Owners of Ford hybrids and electric vehicles could be able to instruct their cars to only recharge their batteries during certain times, thus alleviating the grid from undue pressure and saving them money.

For the past two years Ford and some of its partners have been developing a new communications and control system that will interface between near-future electric-powered vehicles and the electric grid in North America. The system was being tested to make it possible for plug-in cars of all types to be programmed by their owners to only charge up at the owners' convenience.

An example is that the owner could "tell" the car to only accept a recharge late at night or early in the morning when the grid is not too busy and rates are possibly lower, or even when the grid is using renewable energy sources like wind power.

"We are designing what plug-in hybrids and battery electric vehicles will be capable of in the future," said Greg Frenette, manager of Ford's Battery Electric Vehicle Applications. "Direct communication between vehicles and the grid can only be accomplished through collaboration between automakers and utility companies, which Ford and its partners are demonstrating with this technology."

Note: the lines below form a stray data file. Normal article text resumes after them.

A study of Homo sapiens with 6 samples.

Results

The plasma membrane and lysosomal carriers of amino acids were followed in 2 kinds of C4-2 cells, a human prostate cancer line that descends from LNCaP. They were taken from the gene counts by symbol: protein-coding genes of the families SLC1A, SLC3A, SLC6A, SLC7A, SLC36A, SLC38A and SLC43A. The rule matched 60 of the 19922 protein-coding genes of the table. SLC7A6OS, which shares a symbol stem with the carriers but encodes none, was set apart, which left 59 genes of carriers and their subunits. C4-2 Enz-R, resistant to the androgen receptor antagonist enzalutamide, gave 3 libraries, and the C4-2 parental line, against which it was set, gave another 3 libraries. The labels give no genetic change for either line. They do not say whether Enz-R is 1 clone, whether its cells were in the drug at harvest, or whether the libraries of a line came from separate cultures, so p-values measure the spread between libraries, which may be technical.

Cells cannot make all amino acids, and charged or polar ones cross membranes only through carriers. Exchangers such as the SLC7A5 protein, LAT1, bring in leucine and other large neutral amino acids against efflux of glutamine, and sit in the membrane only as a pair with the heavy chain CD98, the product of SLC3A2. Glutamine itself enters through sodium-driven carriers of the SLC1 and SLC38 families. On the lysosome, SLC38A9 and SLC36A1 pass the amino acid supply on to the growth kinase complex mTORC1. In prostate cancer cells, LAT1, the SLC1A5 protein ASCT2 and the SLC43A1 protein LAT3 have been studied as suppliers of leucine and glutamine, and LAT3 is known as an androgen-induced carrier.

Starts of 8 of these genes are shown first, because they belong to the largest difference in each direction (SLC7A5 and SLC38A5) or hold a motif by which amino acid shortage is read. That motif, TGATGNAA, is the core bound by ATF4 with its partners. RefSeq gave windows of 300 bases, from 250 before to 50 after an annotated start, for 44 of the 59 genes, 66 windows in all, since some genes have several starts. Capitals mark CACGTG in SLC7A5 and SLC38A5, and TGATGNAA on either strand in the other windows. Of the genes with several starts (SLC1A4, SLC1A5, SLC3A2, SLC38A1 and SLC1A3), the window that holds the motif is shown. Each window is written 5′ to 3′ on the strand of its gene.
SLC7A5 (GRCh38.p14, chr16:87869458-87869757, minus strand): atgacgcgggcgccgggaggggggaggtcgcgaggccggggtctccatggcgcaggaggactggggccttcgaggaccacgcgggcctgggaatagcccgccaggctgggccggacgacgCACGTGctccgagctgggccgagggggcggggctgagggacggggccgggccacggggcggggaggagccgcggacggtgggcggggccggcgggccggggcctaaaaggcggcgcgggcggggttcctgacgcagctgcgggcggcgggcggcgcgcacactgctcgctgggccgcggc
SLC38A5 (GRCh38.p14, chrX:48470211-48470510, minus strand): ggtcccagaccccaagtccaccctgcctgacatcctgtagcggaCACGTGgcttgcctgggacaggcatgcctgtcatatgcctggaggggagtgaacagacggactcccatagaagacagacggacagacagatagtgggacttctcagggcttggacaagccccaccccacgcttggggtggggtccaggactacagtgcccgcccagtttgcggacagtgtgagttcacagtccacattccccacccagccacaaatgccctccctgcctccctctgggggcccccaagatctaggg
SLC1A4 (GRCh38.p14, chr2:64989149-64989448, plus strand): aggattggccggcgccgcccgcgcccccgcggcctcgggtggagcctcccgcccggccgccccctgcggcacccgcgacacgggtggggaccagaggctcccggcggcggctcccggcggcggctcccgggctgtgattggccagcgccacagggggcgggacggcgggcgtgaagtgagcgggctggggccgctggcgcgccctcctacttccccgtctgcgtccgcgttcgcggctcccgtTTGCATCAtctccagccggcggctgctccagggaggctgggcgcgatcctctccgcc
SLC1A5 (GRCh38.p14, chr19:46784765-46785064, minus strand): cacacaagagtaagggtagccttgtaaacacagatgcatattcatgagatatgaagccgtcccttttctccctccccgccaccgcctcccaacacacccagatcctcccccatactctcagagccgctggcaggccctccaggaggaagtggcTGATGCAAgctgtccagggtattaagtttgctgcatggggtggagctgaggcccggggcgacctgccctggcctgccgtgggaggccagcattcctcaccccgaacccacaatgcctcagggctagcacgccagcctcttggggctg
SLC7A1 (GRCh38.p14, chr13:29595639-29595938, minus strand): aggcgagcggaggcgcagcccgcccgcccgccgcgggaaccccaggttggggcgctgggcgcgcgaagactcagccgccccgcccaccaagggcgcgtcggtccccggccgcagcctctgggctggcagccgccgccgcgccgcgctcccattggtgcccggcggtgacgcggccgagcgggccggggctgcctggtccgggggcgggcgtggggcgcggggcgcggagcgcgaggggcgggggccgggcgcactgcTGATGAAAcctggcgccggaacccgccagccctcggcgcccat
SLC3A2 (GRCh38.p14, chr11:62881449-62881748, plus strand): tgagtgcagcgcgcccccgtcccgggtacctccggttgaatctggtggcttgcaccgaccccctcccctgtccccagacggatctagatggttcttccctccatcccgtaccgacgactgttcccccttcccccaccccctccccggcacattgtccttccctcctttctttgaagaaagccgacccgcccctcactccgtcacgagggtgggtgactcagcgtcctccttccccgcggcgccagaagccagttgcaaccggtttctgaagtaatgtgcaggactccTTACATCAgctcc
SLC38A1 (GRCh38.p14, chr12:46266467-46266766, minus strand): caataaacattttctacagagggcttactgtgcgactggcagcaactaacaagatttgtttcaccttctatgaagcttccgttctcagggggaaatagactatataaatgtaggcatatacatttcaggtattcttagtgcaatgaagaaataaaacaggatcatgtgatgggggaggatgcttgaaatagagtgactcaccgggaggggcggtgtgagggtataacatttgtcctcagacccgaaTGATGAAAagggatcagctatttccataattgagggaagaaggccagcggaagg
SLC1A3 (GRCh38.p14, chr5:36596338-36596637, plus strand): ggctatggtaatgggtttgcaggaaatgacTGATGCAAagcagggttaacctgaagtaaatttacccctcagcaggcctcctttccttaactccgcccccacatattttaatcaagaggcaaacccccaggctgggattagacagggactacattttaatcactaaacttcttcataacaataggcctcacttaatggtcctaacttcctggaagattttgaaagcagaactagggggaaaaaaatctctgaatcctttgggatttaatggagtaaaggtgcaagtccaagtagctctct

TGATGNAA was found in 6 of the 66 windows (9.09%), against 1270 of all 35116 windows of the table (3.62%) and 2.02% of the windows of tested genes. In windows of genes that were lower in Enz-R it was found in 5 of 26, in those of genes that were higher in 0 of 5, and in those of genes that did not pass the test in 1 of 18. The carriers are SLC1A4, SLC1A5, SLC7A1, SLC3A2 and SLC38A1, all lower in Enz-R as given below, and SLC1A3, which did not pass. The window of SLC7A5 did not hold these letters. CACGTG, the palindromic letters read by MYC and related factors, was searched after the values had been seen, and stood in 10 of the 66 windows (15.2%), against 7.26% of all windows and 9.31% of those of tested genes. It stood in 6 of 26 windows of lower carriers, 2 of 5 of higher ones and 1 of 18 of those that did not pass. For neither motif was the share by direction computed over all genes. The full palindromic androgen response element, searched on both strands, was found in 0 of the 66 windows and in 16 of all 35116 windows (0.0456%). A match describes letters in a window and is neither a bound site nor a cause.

The system will build on Ford's advancements such as SYNC, SmartGauge with EcoGuide and Ford Work Solutions. Partners working with the automaker include the Electric Power Research Institute (EPRI), the U.S. Department of Energy, Southern California Edison, Pepco Holdings and Hydro-Québec, the largest electricity generator in Canada.

In a related announcement the Blue Oval has said it will introduce a pure battery electric Transit Connect commercial van in 2010, followed by a battery electric Focus in 2011 and a plug-in hybrid electric vehicle and next-generation hybrid electric vehicle in 2012.